Three Times Doctors Said Her Baby Might Have Down Syndrome, She Had Three Healthy Babies

International   |   Sarah Zagorski   |   Nov 3, 2014   |   7:39PM   |   London, England

Tragically, 90% of women who are given the prenatal diagnosis that their baby will have Down syndrome end the life of their unborn child through abortion. This unnerving statistic reminds us in the pro-life community that we need to work harder to protect the rights of the disabled.

It is true that children affected by Down’s have unique challenges and struggles. They are born with an extra copy of chromosome 21, which stunts their growth both intellectually and physically. They sometimes require additional medical care because they are more prone to medical conditions such as: thyroid problems, intestinal abnormalities, heart defects, seizure disorders, and infections.

While all these abnormalities come with their own set of difficulties, killing people with Down syndrome is not the answer. They are a part of the human family and deserve our utmost protection.

However, these days we hear more and more stories of mothers choosing abortion because they don’t want a “retarded” child. And unfortunately, sometimes doctors feed this ideology by striking fear into the hearts of women because their baby might have the condition.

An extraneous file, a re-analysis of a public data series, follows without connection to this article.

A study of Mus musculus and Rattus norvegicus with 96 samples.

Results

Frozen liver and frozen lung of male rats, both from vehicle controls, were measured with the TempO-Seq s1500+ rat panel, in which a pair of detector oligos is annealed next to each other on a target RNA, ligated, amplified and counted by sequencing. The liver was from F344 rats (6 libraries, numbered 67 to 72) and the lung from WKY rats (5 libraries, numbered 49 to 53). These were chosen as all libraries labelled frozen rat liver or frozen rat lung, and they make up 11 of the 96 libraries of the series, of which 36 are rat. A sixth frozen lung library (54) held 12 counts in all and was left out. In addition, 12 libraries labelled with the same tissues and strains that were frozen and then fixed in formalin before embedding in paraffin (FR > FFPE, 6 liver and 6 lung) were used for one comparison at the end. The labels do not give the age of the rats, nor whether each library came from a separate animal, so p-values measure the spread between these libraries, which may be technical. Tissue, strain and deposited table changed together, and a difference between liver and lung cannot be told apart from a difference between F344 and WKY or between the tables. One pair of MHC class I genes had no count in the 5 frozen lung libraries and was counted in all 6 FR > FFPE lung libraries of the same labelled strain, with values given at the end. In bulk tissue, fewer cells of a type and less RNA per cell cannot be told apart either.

For example, a 33-year-old woman was told that her children would likely have Down’s and it nearly ruined her pregnancies. Marcy Richards (not her real name to protect her privacy) shared more with the Daily Mail.

She said, “I was devastated when I got a phone call saying the test showed a higher risk of having a baby with Down’s syndrome.Doctors wanted me to undergo a CVS test, but I refused because by then I’d discovered the risk of miscarriage – around one to two babies in 100 – was higher than my chance of having a baby with Down’s.”

In July 2009, Marcy delivered her son and he was healthy.

Then, two years later when she was pregnant with her daughter doctors pressured her to have a CVS again because her baby had a one in 24 chance of having the condition.


For her most recent pregnancy, she and her husband, Paul Freshwater, decided to refuse all testing because it caused unnecessary grief.

She said, “Paul and I felt even if we were having a baby with Down’s we would not terminate the pregnancy. I am shocked at the thought that so many women must have further tests to be ‘reassured’ only to lose a healthy baby.” She concluded, “I spent my whole pregnancies obsessed my children might not be healthy. I couldn’t just relax and enjoy the experience.”

Earlier this year, Marcy gave birth to her third child and she born without any abnormalities.